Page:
As a gardener of any level, it is essential to understand the benefits of an organic garden and where to start. Much of the work that goes into growing fruits or vegetables can start happening before the seeds or young plants are placed in the garden, and that is where organic matter can really start to work its magic. By taking the time to learn the benefits of an organic garden and where to start, you can set yourself up for success and a whole lot of fun in the kitchen once the garden is ripe with delicious fruits and vegetables.
The Benefits of an Organic Garden and Where to Start
Having a garden of any kind can come with amazing benefits, but those who create an organic garden may enjoy some additional perks, such as:
- Outdoor nature therapy to help lift a person’s mood
- Organic and aesthetic draw of the garden to people and pollinators such as bees
- The knowledge of exactly what vitamins and minerals (and lack of chemicals) went into growing the food in your garden
- Opportunity to have fresh from the vine produce in your own space
- Money savings that normally would have been spent on buying garden foods at the grocery store
The majority of organic gardeners openly admit to choosing the organic route because it dramatically reduces the amount of potentially harmful chemicals that can come from treated soil and plants. By being the master of their own gardens, they have more control over what goes in their food.
An added bonus can be that those who tend to have their own organic gardens spend more time watering them and working with them, which can help the gardener live a more active lifestyle.
And although the benefits of an organic garden can be amazing, where to start when it comes to building it is equally as important. The success of a garden is dependent on many things, the most notable of which can be the efforts of the gardener tending to it.
For the ultimate benefits of an organic garden and where to start, gardeners should also pay careful attention to these three things:
- Soil composition
- Type of organic garden
- Timing and protection for soil cultivation and planting
Soil Composition Is Key for Organic Gardens
In many ways, the composition of an organic garden’s soil is one of the most key ingredients for a successful crop. Future garden sites are often a grassy area whose care has been defined by basic fertilizing and watering only. In addition to this, much of the soil in the Greater Houston area is clay based which is not particularly conducive to growing many fruits, vegetables, and herbs. The good news is that you have options even if clay soil is what you have.
Creating a balanced soil composition is the best way to cater to what is growing in the garden. If clay is what is in your soil, then building up with a raised bed garden can be an excellent way to choose your own soil composition for gardening.
Seasoned gardeners often choose to mix a variety of materials together for optimum growing conditions. A combination of leaf mold compost, organic manure, and others can be the tools of choice for this venture.
It is recommended to create the soil composition for the garden and put it into the raised beds at least a week or two before planting begins to give the beneficial bugs underneath the garden time to permeate it just as they do the ground soil.
Be Selective About the Type of Organic Garden You Choose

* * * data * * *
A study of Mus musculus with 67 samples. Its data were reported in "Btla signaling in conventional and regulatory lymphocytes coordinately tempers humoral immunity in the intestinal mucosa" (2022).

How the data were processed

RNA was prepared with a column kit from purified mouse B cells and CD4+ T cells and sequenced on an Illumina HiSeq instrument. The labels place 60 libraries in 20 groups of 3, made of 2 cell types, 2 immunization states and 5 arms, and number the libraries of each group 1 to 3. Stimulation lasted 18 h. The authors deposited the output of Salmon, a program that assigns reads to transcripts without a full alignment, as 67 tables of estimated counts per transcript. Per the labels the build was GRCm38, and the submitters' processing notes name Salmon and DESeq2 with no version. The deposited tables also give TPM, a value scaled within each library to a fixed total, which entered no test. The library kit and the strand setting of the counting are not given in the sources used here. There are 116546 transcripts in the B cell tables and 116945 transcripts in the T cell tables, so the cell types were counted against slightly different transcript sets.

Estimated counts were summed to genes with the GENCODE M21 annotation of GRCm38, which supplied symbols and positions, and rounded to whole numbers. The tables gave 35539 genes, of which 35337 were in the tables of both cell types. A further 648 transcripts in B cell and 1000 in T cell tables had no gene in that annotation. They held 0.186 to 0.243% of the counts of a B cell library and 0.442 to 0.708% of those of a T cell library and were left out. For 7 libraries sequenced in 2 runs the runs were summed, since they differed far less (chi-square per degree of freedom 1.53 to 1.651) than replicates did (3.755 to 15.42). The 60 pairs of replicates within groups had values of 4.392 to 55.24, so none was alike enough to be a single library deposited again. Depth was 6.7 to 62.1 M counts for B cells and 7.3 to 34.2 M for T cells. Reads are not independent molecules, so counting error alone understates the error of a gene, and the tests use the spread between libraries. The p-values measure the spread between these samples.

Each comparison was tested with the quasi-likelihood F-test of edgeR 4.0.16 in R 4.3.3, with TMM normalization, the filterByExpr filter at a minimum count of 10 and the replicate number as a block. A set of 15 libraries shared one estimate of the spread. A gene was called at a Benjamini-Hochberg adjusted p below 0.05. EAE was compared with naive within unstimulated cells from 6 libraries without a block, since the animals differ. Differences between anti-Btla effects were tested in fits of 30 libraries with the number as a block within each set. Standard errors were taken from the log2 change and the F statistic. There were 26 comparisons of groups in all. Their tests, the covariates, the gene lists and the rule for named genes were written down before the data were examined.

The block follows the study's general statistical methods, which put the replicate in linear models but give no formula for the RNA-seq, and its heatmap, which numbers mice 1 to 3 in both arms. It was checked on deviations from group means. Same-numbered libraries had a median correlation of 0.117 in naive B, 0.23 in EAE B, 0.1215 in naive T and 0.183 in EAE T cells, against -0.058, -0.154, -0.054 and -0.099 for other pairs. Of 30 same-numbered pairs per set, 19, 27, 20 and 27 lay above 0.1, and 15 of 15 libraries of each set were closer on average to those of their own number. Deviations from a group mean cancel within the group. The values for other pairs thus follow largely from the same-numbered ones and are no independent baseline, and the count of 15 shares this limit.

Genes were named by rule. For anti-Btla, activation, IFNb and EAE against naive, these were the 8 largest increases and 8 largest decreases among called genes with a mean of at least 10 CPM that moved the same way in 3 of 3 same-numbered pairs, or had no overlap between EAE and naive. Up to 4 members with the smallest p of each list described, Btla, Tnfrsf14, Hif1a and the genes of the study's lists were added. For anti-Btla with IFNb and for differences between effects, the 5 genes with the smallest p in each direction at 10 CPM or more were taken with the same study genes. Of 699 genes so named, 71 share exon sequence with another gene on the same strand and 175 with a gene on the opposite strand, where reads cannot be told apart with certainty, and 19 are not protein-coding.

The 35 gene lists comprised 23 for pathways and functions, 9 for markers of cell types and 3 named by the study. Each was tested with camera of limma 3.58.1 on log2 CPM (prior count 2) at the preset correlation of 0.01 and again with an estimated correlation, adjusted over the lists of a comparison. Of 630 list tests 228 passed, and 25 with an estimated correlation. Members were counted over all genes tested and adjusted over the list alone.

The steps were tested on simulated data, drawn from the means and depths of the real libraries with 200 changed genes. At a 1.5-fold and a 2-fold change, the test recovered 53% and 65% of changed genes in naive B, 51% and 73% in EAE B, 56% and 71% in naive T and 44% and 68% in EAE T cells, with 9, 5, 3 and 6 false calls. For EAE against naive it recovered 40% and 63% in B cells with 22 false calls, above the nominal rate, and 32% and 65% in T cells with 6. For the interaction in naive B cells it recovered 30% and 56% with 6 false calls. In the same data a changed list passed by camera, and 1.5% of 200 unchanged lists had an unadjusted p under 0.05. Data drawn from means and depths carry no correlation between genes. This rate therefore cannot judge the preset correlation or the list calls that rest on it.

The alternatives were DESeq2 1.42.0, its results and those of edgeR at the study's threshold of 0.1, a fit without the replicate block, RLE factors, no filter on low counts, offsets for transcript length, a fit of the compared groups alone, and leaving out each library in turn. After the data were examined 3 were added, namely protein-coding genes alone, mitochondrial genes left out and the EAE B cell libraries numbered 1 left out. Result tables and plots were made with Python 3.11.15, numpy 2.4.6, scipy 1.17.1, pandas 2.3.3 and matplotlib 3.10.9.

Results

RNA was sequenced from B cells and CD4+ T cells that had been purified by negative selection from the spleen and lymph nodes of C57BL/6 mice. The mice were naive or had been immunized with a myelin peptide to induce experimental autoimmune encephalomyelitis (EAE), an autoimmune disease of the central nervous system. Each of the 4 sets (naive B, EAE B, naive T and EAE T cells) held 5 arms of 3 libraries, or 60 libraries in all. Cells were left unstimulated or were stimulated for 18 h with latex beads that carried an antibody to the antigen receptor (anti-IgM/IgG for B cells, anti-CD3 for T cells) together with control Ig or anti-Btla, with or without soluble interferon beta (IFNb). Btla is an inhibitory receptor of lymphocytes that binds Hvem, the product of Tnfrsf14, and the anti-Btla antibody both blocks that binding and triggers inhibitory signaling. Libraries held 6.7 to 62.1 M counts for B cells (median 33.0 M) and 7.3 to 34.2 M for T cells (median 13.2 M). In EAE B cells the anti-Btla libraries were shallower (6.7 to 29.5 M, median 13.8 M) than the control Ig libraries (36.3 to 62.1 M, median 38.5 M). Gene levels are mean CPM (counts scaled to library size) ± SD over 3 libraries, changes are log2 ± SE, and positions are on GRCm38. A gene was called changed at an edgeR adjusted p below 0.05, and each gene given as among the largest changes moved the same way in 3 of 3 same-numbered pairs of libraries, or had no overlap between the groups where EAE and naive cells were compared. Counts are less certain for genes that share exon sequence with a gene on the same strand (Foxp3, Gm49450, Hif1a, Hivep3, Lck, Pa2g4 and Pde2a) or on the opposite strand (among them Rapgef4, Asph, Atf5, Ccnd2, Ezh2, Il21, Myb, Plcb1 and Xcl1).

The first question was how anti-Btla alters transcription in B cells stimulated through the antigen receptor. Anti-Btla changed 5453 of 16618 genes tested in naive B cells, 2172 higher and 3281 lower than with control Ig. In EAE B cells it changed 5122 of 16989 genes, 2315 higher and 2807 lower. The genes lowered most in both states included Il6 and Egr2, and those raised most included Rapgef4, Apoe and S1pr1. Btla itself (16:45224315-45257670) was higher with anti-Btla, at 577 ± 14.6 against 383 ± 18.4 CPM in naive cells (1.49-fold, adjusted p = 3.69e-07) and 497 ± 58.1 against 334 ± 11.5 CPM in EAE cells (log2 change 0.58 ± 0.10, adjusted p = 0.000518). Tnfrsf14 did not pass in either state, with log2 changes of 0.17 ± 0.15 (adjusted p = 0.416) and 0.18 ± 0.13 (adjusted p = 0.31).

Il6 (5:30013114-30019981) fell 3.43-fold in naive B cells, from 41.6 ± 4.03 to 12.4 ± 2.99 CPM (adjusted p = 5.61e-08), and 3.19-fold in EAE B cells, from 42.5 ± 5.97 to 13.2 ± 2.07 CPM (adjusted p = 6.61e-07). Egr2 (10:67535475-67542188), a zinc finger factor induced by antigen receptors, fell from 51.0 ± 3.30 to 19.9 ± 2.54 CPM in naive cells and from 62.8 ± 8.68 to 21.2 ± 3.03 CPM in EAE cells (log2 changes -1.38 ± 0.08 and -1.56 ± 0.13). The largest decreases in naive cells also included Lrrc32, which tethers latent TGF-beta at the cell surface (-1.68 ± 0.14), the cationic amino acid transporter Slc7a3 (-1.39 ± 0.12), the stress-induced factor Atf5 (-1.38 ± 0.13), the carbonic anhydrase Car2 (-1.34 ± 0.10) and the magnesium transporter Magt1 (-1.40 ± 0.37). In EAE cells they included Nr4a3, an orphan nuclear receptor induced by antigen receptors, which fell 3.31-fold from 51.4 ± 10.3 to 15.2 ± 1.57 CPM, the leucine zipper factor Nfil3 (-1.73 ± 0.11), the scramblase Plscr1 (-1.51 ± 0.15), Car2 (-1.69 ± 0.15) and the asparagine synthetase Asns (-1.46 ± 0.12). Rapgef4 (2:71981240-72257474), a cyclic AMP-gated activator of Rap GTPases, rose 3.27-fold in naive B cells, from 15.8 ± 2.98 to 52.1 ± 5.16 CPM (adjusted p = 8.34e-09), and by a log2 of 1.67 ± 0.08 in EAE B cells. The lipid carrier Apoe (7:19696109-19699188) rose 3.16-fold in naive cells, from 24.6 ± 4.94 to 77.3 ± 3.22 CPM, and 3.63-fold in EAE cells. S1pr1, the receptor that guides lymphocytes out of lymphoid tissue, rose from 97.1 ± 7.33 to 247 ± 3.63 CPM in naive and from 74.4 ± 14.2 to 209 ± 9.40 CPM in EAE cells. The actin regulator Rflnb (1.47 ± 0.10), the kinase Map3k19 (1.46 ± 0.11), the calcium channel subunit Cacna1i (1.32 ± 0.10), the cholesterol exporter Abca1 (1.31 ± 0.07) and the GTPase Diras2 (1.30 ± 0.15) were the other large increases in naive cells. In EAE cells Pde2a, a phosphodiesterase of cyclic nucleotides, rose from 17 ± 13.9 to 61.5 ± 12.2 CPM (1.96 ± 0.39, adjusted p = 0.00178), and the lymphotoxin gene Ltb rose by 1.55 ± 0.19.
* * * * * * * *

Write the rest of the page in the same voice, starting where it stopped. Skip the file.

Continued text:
It is not uncommon for beginners to simply work with the soil and ground they have to begin a garden. However, working with Houston’s clay soil will likely not yield the results that they are hoping for, which usually leads to frustration that could have been avoided by being more selective about the type of garden used. Raised beds may be the best solution for this issue.
Experienced gardeners often recommend using raised beds for a number of reasons, including:
- Lends itself to customized soil composition
- Allows for less compacted soil which can improve soil drainage
- Keeps the soil from eroding as quickly
- Prevents tree roots from negatively impacting the plants
- Cuts down on regular weed work
- Allows easier access for regularly tending to the garden
- Offers aesthetic benefits
If well cared for, raised beds can be used again and again, season after season. For this reason, it is important to use quality materials and ensure that the beds are well made.
Pay Attention to Timing
The seasons can be nature’s way of helping gardeners know when to plant what, but seasons alone should not define a planting schedule.
Currently, it is mid-July in Houston with daily high temperatures of over one hundred degrees for as many as seven to ten days or more in a row. Although some seasonal schedules might dictate that the time is approaching to start soil cultivation for fall gardens, the hundred-degree heat is telling a different story.
Since customized soil composition for a raised bed garden may need time to rest so the beneficial bugs can permeate it before planting, some creativity may be required.
Some gardeners choose to install a temporary tarp to help shield the garden from the intense rays of the sun while still allowing it to get plenty of indirect light. The beauty of this set up is that once the heat becomes less intense and is not a threat to young plants, it is typically not a difficult thing to take down the tarp until it is needed again the following year.
Timing can mean everything to a gardener. Be observant about the seasons and the current weather forecast to make more educated decisions about what is best for the garden.
Why do anything less now that you understand the benefits of an organic garden and where to start? The things a garden yields tell a story about the gardener who tended it and the care they gave it. What will your organic garden say about you?